Scotland will very soon be ours once again. If we are to be a strong, confident and enterprising world nation we desperately need to be free in conviction and honest with ourselves.

sideactivity are of no doubt all Scots are made of the right stuff; independent of mind and passionately visionary. We see this every day in our rural township. But we desperately need open and expansive debate from every view-point. With this in mind, it may surprise the Scottish Government that, as well as Scotland, we here in the crofting counties have our own first-hand experience of being ruled by a system that is foreign to our universal freedoms and civil liberties?

So, we (at sideactivity) humbly and respectfully submit our view-point for the consideration of the Land Review Reform Group.

Those who live on the land and have been connected to the land for centuries should have the right of determination to act as they see fit in a capitalist country, rather than face the whims of an authoritative body whose sole aim is not, as is often claimed, to be the true protectors of our culture, but to force us to be tied, under threat of eviction, to a system which suffers the population to toil under the ever increasing burdens, restrictions and enforcements of a living museum. [last paragraph; ‘The making of the crofting community’ James Hunter]

As crofters ourselves we earnestly believe the people of the Crofting Counties of Rural Scotland should be encouraged to buy their land/crofts as is already the case, and once bought, they should be designated as being removed from the legal definition of crofting…? Then, if they are single-mindedly drawn to crofting, as we in sideactivity are, they should be given every encouragement to receive grants just as any other farmer in the UK.

Surely it is dependant upon the individual free will as to whether the citizens of rural townships of Highland Scotland should be a bricklayer, dentist, fisherman, architect or anything else they see fit. And, not to be locked into a system that forces them in only one direction, under threat of being throw off their croft by the Crofting Commission. Surely townspeople should always be encouraged to engage in anything to improve their economic circumstances, and in the mean time if they want to be crofters – then be crofters. Although, not everyone who lives in the Highlands wants to be a crofter? In fact, most are not?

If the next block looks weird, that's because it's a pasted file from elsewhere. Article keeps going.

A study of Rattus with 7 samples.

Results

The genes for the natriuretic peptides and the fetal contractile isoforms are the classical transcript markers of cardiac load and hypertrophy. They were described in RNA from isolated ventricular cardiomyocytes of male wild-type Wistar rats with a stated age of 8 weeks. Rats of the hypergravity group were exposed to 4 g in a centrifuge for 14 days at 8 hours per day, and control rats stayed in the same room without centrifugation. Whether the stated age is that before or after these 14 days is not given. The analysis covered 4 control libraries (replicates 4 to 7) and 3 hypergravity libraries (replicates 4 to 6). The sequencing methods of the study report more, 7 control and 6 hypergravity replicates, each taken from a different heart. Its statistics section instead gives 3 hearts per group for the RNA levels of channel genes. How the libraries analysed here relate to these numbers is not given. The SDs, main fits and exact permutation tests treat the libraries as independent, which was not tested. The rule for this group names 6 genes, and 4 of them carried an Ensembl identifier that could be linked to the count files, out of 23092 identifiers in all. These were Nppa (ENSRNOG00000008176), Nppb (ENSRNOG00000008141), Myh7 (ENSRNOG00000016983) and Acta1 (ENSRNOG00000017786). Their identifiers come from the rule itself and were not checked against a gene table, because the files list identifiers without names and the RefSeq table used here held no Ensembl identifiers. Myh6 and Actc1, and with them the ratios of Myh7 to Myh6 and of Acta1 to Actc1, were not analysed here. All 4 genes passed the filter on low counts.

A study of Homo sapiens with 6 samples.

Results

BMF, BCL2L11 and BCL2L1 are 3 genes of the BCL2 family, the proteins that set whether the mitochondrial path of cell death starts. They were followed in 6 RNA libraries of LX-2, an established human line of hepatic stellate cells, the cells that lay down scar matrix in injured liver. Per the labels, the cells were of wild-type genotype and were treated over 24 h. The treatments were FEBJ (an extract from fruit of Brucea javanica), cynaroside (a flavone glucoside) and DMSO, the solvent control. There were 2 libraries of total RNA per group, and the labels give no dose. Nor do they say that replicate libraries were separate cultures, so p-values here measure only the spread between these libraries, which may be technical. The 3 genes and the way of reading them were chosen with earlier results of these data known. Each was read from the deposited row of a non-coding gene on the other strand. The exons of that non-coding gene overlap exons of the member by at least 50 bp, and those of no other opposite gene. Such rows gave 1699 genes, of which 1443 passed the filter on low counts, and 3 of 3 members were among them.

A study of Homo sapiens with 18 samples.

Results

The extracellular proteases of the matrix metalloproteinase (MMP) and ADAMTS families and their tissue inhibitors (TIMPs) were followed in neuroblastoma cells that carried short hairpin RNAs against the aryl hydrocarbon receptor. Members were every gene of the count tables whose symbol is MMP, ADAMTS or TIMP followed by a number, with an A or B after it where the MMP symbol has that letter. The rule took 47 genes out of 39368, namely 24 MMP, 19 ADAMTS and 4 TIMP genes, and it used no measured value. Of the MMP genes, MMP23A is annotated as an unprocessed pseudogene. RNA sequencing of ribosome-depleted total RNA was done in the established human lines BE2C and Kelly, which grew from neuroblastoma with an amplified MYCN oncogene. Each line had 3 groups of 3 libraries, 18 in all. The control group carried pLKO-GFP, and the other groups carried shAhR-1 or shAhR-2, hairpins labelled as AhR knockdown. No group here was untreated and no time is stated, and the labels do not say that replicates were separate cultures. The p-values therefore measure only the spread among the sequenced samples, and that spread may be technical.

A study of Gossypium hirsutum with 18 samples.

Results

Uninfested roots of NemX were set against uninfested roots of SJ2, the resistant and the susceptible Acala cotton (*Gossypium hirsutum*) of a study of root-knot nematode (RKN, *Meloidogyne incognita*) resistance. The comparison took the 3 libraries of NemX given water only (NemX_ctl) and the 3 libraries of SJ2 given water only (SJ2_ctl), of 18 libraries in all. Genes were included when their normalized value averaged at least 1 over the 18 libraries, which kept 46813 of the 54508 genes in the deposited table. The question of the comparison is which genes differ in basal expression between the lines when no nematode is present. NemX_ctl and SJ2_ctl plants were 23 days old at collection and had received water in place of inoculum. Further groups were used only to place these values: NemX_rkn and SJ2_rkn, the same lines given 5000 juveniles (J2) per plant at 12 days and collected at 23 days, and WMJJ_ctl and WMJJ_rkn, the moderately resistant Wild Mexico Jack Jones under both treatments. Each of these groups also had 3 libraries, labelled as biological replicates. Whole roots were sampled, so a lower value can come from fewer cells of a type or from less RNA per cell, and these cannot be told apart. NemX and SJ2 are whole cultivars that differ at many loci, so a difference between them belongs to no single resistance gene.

Sideactivity are all crofters from Skye. We love being crofters. But we all feel very passionately that our fellow townspeople are being forced into crofting?

The shucksmith report highlighted issues that would seek to strengthen crofts; not people. Crofts don’t define our way of live, people do. Townspeople. Thousands of them. Yet they were not asked. Crofters were asked. Townspeople’s views were not sought.

To say this was a thorough report into the grievances of crofting way of life would be deluded. The true nub of the question became super-imposed by focusing on the efficacy of the crofting system, whilst claiming to strengthen our ‘culture’. But our culture is the people, not an agrarian system..?

This land is our land, the peoples, and our ancestors land, we will defiantly defend it from all-comers. And, that includes any over-politicised, self-important authoritative bodies, such as the Crofting Commission, the Landed Elites of Scotland and the Legislatures, that believe they are acting in the peoples best interests?

Crofting is fine for us crofters; we all get grants that help us survive. But wouldn’t we get agricultural grants to preserve/steward the land even if we weren’t in a fragile crofting area?

Many of our fellow townspeople don’t choose to croft. Should they be punished for that? Some are teachers, one’s an award winning architect… shouldn’t they decide what’s best for them not the government, landlord or Commission?

1. Abolish this soviet style agrarian system, that is surely the true reason why the land of our fathers is persistently and widely labelled as fragile.
2. Cut out the swathes of red that cover the political map of the highlands from the Great Glen – north westwards and…
3. Free our fellow townspeople from a life of burdens. ‘leave a man alone to his fate’, said Burns

Cement your place in history alongside Angus Stewart of Braes and Burns himself; the two men quoted at the inauguration of the Scottish Parliament. Do this for Angus and Rabbie and for Scotland.

Pass a law tomorrow that hands over crofts to their rightful stewards; the ones that have toiled for generations without autonomy. Give them all rights to their crofts – wholly free of mineral burdens, etc.

Give the people of the highlands their universal rights and leave them to their ‘fate’. Stop meddling. Encourage pluralism of aspiration. These handouts and conditions taint us and suspend us in formaldehyde like lab specimens. They choke us. This land is not fragile.

‘Millions’ are earned here – in the heart of Scotland. From fish-farming, forestry, whiskey, renewables, hydro, land prices, houses prices and the majority of it is invariably syphoned off to international corporations around the world. Scotland is rich. And rural Scotland is richer still. But above all that, our people are our priceless asset. Let them share in the wealth of this great nation and the wealth of their own culture, unfettered by burdens. Only then will there be true reform.